Uh-oh. Getting a bit behind on this 30-day challenge. Time for some shorties...
Not really a “past life” as such, but something interesting I did a while ago that was brought back to mind by the Costa Concordia cock-up. I’ve not spent a lot of time on big ships, indeed until 2007, I think the only larger vessels I’d been on were ferries, cross-Channel or around the Greek islands.
In April 2007 though, I went to Canada for a big trip, mostly to visit some potential future places to live and work and to attend a workshop at the Banff International Research Station. I flew out to Vancouver, took a ferry to Vancouver Island where I visited UVic (ended up working there for a couple of years afterwards), then travelled east by train. I made it as far east as Halifax, Nova Scotia, all by train. That was a pretty cool experience in itself, but I’d had a wacky idea for how to get home from Canada to the UK. It’s possible to book passage on container ships under some circumstances, which I decided to do. It’s a tricky process, not super cheap, and the logistics of making the rendezvous with the ship turned out to be a bit more “interesting” than I expected.
At this time, the M/V Flottbek was sailing a triangular route between Montreal, Liverpool and Antwerp, so my plan was to meet the ship in Montreal and spend a week travelling to Liverpool. Four days before the ship was supposed to sail, I called the port agent from Halifax, letting him know who I was, that I was sailing with the Flottbek in a few days and asking what to do about getting to the ship. “Eh, if you’re sailing on the Flottbek, you won’t be sailing in a few days! You’ll be sailing tomorrow. She’s loading in Montreal right now!” Oh dear. Massive panic. Ran to a travel agent, luckily got a ticket for a flight back to Montreal that evening, taxi to airport, flew back to Montreal, six hours sleep then presented myself at the gates of the container dock in the morning (after a complicated explanation in French to a Québecois taxi driver that yes, I really did want to go to the container port).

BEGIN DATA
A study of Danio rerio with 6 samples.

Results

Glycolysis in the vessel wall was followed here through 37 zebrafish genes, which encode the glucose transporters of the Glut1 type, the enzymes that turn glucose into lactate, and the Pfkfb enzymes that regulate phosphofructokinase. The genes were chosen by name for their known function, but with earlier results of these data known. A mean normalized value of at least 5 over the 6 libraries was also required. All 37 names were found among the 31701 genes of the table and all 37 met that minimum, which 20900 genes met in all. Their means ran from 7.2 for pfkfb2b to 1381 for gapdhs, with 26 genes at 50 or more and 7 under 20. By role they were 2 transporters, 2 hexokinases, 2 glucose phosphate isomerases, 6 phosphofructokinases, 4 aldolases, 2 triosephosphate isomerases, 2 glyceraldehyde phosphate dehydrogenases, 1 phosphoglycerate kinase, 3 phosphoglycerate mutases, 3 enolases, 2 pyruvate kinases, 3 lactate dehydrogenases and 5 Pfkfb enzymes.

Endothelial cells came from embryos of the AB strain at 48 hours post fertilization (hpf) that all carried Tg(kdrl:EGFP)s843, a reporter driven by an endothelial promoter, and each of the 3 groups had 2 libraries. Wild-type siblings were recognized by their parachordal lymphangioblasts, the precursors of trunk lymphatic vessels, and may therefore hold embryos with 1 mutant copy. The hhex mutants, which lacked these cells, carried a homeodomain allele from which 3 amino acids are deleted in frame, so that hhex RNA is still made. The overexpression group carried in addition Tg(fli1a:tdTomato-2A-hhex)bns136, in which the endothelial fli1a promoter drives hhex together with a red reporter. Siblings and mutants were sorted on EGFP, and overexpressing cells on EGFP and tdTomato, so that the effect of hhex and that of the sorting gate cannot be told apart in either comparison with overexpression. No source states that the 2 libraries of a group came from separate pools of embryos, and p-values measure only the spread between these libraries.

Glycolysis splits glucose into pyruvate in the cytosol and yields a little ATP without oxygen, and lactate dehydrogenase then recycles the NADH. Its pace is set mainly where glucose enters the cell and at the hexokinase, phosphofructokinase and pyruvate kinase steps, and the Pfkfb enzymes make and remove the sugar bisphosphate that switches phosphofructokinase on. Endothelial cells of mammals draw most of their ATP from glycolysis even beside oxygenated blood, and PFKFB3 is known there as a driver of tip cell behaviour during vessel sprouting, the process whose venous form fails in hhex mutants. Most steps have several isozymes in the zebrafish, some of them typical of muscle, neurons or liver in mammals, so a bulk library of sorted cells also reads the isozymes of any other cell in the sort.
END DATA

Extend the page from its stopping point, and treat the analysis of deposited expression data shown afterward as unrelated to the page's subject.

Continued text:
I spent seven days on the Flottbek, under the capable care of the German master and chief engineer and they Philippino crew. It was a very interesting experience, though the life of a crewman on a container ship isn’t one that I would want to share any time soon: 9 months on, 3 months off for the men, or a generous 3 months on, 3 months off for the senior officers. Being away from home for that length of time, all the time, sounds more like something out of a Patrick O’Brien novel than real life. Still, for seven days, in spring, with calm seas and beautiful sunsets, it’s something I’d recommend to anyone who has the time.
Everyone on the Flottbek seemed extremely competent and the captain was a serious serious man who’d been a seafarer all his life, having grown up on Heligoland and having a little boat of his own as a boy. I can’t, not in a thousand years, imagine him or any of his crew doing what the master of this Italian cruise ship did. The Flottbek had run aground once, on a shoal in the St. Lawrence River, on the way from Montreal to the open sea, but that was the fault of the Lawrence River pilot (thankless job: shifting shoals and big ships don’t make for a stress-free life).